Since DC Comics’ company-wide series relaunch back in 2011, the Powers That Be have gone a long way toward attempting to bring an accessibility to characters that some readers might have not thought was necessarily present. Origins have been tinkered with in a way that made sense to the writers and artists tackling them, stripping away what they felt didn’t work while putting their own mark on characters to bring fresh takes and ideas to the table.
No other character has benefitted more from this update than Billy Batson, who, upon saying a magic word given to him by an old wizard, gains the powers of the gods—Solomon, Hercules, Atlas, Zeus, Achilles, and Mercury—to become Earth’s Mightiest Mortal, Shazam. While the rough-and-tumble, independent kid seen in his earliest 1940s yarns is still there, writer Geoff Johns update the character that made less of a goody-goody, more of an asshole, and a bit more three-dimensional in the process. In this spit-polished origin, Billy wasn’t exactly the Wizard’s first choice for the powers of Shazam, instead seeking someone with a purer heart than Billy had to offer. In a parallel to our somewhat cynical society, however, Billy convinces the Wizard that a truly pure-hearted person doesn’t exist, thus obtaining the powers from a desperate and morally-defeated Wizard.
Still, in the process, readers are given a hero that speaks more to how people actually act. Most folks, I truly believe, are decent and have an imperative to help one another, and the character of Billy is no different. By presenting him as a bit rough around the edges, however, Johns brought a depth to Billy that wasn’t always evident in the past.
Since Johns’ touch to the character, though, Billy has rarely seen a shake-up to his core like he has in this week’s one-shot Justice League: The Darkseid War: Shazam #1, written by Steve Orlando. Throughout the “Darkseid War” storyline running through the main Justice League title and other one-shots, Justice Leaguers are obtaining new god-like powers, mostly to mixed results. Conversely, however, as a direct result of the events in the story, Billy’s connection to his pantheon is served, leaving the Wizard to scramble to protect his young avatar and call upon other gods to imbue Billy with power. Unlike the previous deities that once backed Billy, however, these new astral being in the teen’s pantheon have not been vetted as well as the Wizard was able to cultivate relationships with Zeus and his crew. Some of these gods are downright hostile and have joined in this weird pact with other deities for their own ends, possibly to control what they believe they see in Billy as mortal frailty.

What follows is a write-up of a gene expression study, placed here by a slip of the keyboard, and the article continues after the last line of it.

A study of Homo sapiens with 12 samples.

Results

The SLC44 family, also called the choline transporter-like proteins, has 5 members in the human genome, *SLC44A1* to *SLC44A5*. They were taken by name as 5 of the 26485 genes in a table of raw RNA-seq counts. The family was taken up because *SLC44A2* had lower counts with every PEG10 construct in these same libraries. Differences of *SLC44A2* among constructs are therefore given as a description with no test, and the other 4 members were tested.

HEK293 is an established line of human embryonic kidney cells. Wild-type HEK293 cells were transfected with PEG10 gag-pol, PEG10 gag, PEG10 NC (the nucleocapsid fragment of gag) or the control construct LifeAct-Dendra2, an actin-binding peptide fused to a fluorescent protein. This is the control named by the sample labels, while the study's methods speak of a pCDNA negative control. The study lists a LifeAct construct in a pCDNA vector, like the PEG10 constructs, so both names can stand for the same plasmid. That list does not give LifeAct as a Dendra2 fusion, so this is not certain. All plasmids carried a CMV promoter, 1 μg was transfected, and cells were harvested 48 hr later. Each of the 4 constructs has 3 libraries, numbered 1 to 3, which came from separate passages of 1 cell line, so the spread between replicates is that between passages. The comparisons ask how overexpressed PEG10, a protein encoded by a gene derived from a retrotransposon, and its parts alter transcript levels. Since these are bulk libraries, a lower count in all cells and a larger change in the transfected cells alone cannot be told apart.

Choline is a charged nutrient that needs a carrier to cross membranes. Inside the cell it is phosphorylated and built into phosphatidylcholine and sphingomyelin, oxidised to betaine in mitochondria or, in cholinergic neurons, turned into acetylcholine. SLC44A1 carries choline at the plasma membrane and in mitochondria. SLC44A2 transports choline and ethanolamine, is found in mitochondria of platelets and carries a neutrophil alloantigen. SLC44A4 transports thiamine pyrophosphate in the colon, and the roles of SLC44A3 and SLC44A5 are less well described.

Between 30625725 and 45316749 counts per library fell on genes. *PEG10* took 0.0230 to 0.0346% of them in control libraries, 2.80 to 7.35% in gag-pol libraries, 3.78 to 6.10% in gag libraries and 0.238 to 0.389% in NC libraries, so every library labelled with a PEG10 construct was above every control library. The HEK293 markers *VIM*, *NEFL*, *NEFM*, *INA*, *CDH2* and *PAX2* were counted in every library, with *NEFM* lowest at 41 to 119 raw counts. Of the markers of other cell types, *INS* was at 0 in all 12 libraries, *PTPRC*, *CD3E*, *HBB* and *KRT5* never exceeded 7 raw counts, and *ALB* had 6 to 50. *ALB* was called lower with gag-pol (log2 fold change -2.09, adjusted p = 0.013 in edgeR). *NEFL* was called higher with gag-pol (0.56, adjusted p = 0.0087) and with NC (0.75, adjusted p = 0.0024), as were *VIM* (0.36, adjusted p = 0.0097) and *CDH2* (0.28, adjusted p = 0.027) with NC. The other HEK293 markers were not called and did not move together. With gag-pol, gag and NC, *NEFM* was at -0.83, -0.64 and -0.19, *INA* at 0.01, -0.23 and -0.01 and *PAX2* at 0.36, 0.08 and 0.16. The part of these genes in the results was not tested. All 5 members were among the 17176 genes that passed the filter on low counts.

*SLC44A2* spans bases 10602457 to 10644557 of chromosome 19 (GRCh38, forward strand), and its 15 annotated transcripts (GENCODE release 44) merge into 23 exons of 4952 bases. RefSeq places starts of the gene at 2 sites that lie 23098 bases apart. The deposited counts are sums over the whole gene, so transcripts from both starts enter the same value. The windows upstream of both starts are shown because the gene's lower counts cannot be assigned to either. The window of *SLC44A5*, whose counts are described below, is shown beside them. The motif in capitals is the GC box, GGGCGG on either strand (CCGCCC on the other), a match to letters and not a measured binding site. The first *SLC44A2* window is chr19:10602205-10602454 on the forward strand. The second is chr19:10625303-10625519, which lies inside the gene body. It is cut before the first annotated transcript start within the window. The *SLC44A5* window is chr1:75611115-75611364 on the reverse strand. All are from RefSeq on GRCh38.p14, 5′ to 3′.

If DC Comics kept this status quo for a bit, a Shazam series written by Orlando could be one of the best in its catalogue because the writer has tapped into a truth that I don’t believe has been explored with the Billy/Shazam dynamic before. If mythology and religion cross-culturally tell us anything it’s that gods aren’t always benevolent. They’re not always kind and they sure as Hell don’t always have the best in mind for Earth’s human viceroys. As Orlando said in an interview with FreakSugar, “It’s not just Thor, it’s Loki. It’s not just Orion, it’s Kalibak.” The fact that Solomon, Hercules, and the rest of Billy’s old pantheon worked together as well as they did and toward Billy’s and Earth’s common good was because the Wizard wrestled them into cooperation with careful planning and negotiation. Orlando acknowledges the truth that the gods we know throughout the globe are often just like us, with feet of clay and our own agendas, our own virtues and vices.
In a scant 22 pages, Orlando allows the readers to see Billy clash with gods of Appetitie and Hell and Evil and learning how to keep his footing with nothing but his wits and sheer force of will, marveling as Billy dispenses with those deities before wrangling them into submission. While the teen is Earth’s Mightiest Mortal, this Achilles’ heel of having to constantly contend with an unruly gaggle of gods would provide wonderful drama and pathos and suspense to a character that DC has already taken huge leaps into making a more fully-rounded hero. Make this happen, DC, and give Orlando a Shazam book already.